Developer Thomas McFeely (or just plain “Tom McFeely”) looks set to become a locomotive generator of legal action on both sides of the Irish Sea. Last Friday in London’s High Court, an Irish creditor who had secured a judgment against Tom in Dublin succeeded in having Tom’s UK bankruptcy bid derailed – perhaps only temporarily, as it seems the UK bankruptcy authorities are reconsidering Tom’s bankruptcy bid in light of new information about his debts, and it seems Tom himself is complaining his human rights are being interfered with. There has been a number of separate legal cases – here and here – that have recently come to a head in theUK, where it seems Tom has been on the losing end.
And on this side of the Irish Sea, Tom has not left the headlines since he was accused of not being able to build a snowman last October 2011, not to mention a block of flats as evidenced by the farce and tragedy of the residents of Tom’s Priory Hall complex in north Dublin. NAMA has recently been pursuing possession in the Circuit Civil Court of Tom’s €10m home onDublin’s upmarketAilesbury Road, and the latest had been that the McFeelys were ordered to leave the house by the start of August 2012, on condition that they put buildings insurance in place.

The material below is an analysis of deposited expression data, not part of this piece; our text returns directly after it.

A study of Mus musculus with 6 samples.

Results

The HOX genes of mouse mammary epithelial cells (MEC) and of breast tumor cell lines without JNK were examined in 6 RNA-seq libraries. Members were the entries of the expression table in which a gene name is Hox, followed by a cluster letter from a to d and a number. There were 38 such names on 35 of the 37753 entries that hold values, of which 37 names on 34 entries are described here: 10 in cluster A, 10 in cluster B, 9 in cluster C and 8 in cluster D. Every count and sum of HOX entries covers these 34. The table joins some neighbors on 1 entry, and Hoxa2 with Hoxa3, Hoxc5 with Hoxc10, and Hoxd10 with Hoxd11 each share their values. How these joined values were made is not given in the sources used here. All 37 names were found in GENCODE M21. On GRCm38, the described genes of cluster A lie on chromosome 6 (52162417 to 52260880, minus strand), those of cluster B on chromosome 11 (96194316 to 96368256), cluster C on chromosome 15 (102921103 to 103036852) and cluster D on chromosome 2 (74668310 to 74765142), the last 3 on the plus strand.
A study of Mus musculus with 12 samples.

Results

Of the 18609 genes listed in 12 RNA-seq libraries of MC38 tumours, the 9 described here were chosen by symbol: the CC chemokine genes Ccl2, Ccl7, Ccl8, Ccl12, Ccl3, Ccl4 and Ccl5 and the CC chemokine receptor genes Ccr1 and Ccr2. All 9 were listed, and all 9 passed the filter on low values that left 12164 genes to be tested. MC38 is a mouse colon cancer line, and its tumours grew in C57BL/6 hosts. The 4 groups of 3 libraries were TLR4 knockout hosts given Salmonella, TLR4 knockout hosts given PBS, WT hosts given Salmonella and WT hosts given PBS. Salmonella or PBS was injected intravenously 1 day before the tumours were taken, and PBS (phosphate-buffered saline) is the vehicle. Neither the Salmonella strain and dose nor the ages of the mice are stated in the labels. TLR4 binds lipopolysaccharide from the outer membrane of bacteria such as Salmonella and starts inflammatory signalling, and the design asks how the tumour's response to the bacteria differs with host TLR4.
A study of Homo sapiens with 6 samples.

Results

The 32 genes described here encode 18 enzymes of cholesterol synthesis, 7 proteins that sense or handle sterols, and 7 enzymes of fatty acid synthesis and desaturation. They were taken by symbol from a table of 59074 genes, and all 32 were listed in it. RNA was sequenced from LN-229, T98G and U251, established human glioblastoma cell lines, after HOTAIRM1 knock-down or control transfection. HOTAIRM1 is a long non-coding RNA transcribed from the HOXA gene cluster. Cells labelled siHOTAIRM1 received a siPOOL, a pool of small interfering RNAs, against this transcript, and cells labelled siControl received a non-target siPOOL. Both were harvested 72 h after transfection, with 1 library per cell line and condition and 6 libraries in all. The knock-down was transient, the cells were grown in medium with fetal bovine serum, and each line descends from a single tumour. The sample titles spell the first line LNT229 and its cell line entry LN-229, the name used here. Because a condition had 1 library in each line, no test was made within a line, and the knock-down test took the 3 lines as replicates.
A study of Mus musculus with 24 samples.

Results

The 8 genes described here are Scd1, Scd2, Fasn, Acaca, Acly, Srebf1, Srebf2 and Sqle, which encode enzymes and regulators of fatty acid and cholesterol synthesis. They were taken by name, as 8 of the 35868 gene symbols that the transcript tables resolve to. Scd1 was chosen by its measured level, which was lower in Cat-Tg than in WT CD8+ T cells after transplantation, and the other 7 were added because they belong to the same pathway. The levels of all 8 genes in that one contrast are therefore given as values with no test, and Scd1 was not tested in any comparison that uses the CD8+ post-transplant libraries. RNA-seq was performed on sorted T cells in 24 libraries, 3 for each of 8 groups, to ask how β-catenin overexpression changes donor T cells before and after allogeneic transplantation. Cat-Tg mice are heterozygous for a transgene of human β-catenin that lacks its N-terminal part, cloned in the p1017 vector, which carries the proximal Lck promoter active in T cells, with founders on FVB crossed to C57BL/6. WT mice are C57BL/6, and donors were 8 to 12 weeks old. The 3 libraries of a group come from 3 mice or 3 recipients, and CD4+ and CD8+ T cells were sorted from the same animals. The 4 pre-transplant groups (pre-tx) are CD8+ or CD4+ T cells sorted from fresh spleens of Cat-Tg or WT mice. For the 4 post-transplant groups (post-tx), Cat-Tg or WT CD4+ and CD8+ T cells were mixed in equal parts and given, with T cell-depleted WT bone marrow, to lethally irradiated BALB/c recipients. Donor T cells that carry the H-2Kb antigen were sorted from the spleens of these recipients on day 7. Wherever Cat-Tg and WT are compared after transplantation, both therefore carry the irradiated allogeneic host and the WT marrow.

Yesterday, NAMA made an application to Dublin’s High Court – reference number 2012/129 CA – against Tom and his wife, Nina. NAMA is represented by a fairly small firm of Dublin solicitors Whelan Murtagh, which I think is the first time this firm has been used by NAMA. And, as is usual with the processing of new applications by the Courts Service, there is no solicitor showing on record for the McFeelys.
We don’t have any details at this stage about the subject of the application, though it seems it may be related to a lower court case in the Circuit Court and it may well be associated with the possession order for the McFeely house onAilesbury Road. In the past, NAMA has taken action in the High Court against individuals to seek personal judgments and to enforce personal guarantees. But it should be emphasised, we do not know if that is the case here.